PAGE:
Compassion is defined like this: a feeling of deep sympathy and sorrow for another who is stricken by misfortune, accompanied by a strong desire to alleviate the suffering.

Why is it when there is an uncomfortable situation or a problem, we feel the need to fix it as quickly as possible? Is it compassion that drives us, or is it that suffering makes us feel ill at ease? Does other's misfortune make us uncomfortable, so we try to fix the problem and get back to our comfort zones? It may be all of the above, all at once, but most of all, I believe compassion drives us to alleviate the suffering of others. However, some pain can't be fixed by action alone. Some pain just needs to be expressed and heard.

The recent events in our country has made me reflect on this. How often have I jumped in when someone was expressing themselves with an immediate solution or opinion? Sometimes, even before they've finished their sentence. When most of the time, a wounded person just needs someone to listen and love them.

After we lost our daughter Nicole in an accident, there were those who out of their desire to make me feel better, layered words on my broken heart. They tried to fix my pain. The problem with that was I was crushed with grief, and there were no words or actions that could fix me right then. Others just showed up and listened. The few words they said were those like, "I love you, I'm with you, or just I'm so sorry." Those words made me feel heard and not alone in my suffering.

The Bible says, "My dear brothers and sisters, take note of this: Everyone should be quick to listen, slow to speak and slow to become angry" (James 1:19). God knows our propensity to answer to any conflict or uncomfortable feeling quickly. When what is needed is just to listen. Compassionate Listening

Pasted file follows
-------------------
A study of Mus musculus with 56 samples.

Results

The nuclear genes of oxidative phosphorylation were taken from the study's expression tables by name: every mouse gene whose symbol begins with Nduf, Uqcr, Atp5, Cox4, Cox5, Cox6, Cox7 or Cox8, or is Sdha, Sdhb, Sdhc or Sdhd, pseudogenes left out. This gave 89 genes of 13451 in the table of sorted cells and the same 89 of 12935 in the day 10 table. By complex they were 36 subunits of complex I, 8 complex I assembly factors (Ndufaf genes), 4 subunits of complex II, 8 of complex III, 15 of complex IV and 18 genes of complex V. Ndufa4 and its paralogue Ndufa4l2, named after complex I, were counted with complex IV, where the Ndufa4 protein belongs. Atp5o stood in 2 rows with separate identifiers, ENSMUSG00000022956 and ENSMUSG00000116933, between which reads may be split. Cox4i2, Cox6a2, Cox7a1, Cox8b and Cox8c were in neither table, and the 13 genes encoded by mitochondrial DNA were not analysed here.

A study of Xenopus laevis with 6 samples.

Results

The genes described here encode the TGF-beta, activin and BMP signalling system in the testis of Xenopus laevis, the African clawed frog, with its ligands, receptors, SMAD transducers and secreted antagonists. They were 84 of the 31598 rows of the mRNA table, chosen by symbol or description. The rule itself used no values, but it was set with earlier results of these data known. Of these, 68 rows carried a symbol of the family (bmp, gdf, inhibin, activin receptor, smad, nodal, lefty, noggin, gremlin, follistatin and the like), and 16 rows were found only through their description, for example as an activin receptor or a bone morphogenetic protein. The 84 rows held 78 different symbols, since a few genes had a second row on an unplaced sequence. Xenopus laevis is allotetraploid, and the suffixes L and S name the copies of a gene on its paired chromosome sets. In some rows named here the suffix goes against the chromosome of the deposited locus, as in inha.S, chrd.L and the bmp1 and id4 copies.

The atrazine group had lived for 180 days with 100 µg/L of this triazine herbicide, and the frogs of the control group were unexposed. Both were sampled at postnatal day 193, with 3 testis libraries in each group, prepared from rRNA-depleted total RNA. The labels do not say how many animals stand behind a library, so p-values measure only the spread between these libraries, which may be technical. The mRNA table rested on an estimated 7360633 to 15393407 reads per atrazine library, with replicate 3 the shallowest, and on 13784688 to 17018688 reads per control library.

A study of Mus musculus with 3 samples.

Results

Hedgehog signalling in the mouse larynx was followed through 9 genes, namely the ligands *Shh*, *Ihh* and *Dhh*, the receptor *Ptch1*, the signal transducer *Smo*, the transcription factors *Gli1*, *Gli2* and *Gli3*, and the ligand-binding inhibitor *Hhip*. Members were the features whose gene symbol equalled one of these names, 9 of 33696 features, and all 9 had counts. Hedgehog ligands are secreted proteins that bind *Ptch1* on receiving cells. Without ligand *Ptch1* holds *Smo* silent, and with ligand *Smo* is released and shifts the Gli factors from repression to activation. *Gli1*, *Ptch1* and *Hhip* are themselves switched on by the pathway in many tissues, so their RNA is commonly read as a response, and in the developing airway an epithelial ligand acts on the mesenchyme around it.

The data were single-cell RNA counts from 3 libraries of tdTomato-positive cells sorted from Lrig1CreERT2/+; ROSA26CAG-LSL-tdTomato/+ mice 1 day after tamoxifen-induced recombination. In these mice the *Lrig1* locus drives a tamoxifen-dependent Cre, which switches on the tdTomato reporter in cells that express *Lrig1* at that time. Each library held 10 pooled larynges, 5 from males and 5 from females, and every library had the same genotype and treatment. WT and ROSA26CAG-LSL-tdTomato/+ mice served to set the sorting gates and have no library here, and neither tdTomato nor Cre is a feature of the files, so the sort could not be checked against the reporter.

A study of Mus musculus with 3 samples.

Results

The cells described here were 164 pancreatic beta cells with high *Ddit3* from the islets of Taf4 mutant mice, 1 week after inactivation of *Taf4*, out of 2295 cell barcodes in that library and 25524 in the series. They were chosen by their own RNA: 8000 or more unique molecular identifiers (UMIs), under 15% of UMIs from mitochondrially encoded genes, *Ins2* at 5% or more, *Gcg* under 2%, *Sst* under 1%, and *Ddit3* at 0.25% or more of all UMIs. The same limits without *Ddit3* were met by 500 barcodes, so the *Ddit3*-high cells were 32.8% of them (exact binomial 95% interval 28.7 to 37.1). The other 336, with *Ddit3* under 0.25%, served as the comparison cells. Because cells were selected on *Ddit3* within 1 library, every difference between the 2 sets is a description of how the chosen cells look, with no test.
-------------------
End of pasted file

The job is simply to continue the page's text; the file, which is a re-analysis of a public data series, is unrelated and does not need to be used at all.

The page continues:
It doesn't mean that you will automatically agree with what is being said, but listen.

In a recent message, Greg Cultra of One Church Nashville reminded us that before we take action, we must listen, then love.

The thing is – pain, grief, injustice, and hatred are complex issues. Only God has the power to fix the deep sorrows of the heart. In our own strength, we can sometimes react in anger or strong opinion and make those issues more complicated.

I know sometimes it feels like not reacting is inaction - like we are powerless. However, that is not true. Listening and loving are the most powerful actions we can do when we don't know what to do.

Colossians 3:14 says:

"And over all these virtues put on love, which binds them all together in perfect unity."

Unity seems so unattainable sometimes. It doesn't mean perfect agreement; we won't agree entirely with most everyone all of the time, even the ones closest to us. But love unites us despite our differences.

There will be times to take action, but it is vital we lay a solid foundation first. Whether we are consoling a grieving friend or addressing the complex issues that are plaguing our country - compassion listening, then loving, despite our differences will help pave the way to healing.